The student news site of St. Louis Park High School

The Echo

The student news site of St. Louis Park High School

The Echo

SOAR holds fourth memorial for George Floyd

SOAR honors murder of Floyd through facilitated discussion

On May 25, 2020, George Floyd was murdered by former Minneapolis police officer Derek Chauvin. Every year following, Students Organized for Anti-Racism (SOAR) has held a memorial honoring Floyd’s life and remembering that day.

Students were welcomed into C350 for the fourth memorial held for Floyd May 23. Students were given journals to write in as they reflected on questions asked by SOAR members that facilitated the discussion.

Park Mayor Nadia Mohamed was also present with the students who attended the memorial. Mohamed said the discussion section of the memorial stood out to her because it demonstrated the capacity of Park’s youth.

“The discussion section brought up a lot of knowledge, compassion and vulnerability,” Mohamed said. “Oftentimes, people say, ‘Oh, young people don’t know what they’re talking about.’ However, we’ve seen kids who’ve said, ‘Well, if I don’t know, I’ll go research and build on my own awareness.’ That speaks to the level of intelligence that our youth already have coming into adulthood.”

At the tail end of the memorial, Mohamed gave a brief speech to commemorate SOAR for organizing the event. According to junior Sy’Mora Blue, she appreciated the students’ recognition from the mayor.

“I loved how the mayor came and said she was going to sit down and listen,” Blue said. “But, she decided to speak and said how everyone did a good job. She was surprised but very happy for us to sit here and really discuss what’s going on in our community and society.”

Mohamed, who is also an alumni of Park, said she was particularly proud of the competency students from her former high school displayed about issues that are dealt with at both city and state levels.

“As I was saying earlier, I think it fills me with pride and inspiration to see my ‘juniors’ doing this work that we’re trying to do at the city level (and) at the state level,” Mohamed said. “We’re trying to be inclusive of the communities that we serve, and to see our next generation coming up already understanding communities and being empathetic, you can find inspiration within them.”

Senior Calvin Zimmerman, who has been involved in organizing the annual memorials since his freshman year, said he worries about dwindling attendance. According to Zimmerman, the memorials address topics that expand beyond Floyd’s death and impact Park’s community as a whole.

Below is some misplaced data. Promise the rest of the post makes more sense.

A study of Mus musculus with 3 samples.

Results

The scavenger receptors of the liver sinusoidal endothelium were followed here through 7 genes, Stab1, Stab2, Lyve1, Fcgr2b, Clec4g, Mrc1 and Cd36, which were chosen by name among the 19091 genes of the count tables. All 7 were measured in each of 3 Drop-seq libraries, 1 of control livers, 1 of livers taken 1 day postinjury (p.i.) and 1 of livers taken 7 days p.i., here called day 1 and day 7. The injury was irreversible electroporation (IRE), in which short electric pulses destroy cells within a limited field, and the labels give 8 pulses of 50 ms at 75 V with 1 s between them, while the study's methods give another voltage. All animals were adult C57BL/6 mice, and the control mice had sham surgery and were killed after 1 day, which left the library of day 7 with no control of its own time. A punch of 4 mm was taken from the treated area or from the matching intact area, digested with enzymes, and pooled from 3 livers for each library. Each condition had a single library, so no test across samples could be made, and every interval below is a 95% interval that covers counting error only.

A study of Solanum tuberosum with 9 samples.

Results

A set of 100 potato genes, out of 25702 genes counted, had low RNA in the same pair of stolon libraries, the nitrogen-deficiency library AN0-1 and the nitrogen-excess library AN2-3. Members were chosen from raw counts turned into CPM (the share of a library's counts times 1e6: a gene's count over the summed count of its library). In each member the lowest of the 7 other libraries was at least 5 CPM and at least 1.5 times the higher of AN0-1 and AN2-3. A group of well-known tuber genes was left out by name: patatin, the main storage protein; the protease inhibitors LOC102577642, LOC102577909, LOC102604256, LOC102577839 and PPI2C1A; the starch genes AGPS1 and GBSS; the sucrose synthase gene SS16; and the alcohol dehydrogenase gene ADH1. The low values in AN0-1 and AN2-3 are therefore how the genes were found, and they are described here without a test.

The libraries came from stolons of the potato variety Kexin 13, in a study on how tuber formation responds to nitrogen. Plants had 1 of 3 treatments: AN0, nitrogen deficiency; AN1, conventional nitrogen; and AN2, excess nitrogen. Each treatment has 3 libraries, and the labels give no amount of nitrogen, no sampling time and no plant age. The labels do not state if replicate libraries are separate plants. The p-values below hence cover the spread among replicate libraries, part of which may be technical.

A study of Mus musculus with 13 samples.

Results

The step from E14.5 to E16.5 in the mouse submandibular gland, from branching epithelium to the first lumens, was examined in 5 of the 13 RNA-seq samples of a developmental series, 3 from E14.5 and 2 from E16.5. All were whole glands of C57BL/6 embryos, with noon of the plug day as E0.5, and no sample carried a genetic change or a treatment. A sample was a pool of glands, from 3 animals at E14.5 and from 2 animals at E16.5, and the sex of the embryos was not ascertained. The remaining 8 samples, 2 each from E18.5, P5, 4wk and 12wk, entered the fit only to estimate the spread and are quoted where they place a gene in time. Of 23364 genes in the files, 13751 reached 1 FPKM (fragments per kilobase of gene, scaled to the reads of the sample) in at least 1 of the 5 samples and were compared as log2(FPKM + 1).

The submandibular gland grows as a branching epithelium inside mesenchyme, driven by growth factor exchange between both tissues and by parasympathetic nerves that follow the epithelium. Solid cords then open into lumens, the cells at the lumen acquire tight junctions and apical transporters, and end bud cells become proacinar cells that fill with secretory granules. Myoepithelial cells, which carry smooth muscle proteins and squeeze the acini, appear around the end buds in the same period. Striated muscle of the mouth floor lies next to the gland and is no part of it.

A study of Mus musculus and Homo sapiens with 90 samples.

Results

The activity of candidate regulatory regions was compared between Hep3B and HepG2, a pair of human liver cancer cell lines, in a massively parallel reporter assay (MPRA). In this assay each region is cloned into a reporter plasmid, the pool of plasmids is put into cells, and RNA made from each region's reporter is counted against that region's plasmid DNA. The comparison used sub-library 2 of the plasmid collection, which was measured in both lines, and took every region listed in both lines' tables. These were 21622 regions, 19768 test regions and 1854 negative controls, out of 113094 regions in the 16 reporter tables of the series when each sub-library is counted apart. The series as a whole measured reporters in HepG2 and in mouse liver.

“We’ve been organizing this for four years now. One of the biggest things in attendance (is that), every single year, it seems to get smaller and smaller. That upsets me a little bit because it feels like people are forgetting about the issue,” Zimmerman said. “Four years ago, everyone was talking about it. Everyone was having conversations about it. This is deeper than just George Floyd. It’s about our whole community and what we’re going to do just to sustain that work, even if we forget George Floyd’s name, which I hope never happens.”

Though Zimmerman is graduating, he said he hopes that the tradition continues beyond the senior class who helped to start it. According to Zimmerman, the memorials carve out a space for productive conversations to consistently be held.

“I hope this (tradition) continues because it needs to continue,” Zimmerman said. “If we don’t have this continue, when are we going to have the time to have conversations like this? It’s clear right now that we don’t have conversations like this in our classrooms. Right now, this feels like the only safe space to talk about this with people that look like us.”

Mohamed echoed similar sentiments about persistence. Mohamed said that youth who want to impact their communities should continue to promote a community where diversity is represented and traditions are carried on.

“Keep going. We are a multiracial, multicultural community,” Mohamed said. “So it’s important to have a community that represents that as you are cultivating your thoughts and values and building on traditions going forward.”

Anya Panday
Anya Panday, Editor-in-Chief
Howdy!! I’m Anya, and I’m one of the Editors-in-Chief this year, along with Crystal Diaz. I’m a junior, and this is my third year on Echo. When I’m not decorating the Pub, you can find me lifting weights, stress baking, performing on a stage and expanding my scented candle collection. I pride myself in covering content relevant to Parks student body and helping our staffers learn all about journalism. I can’t wait to work with the talented staff this year!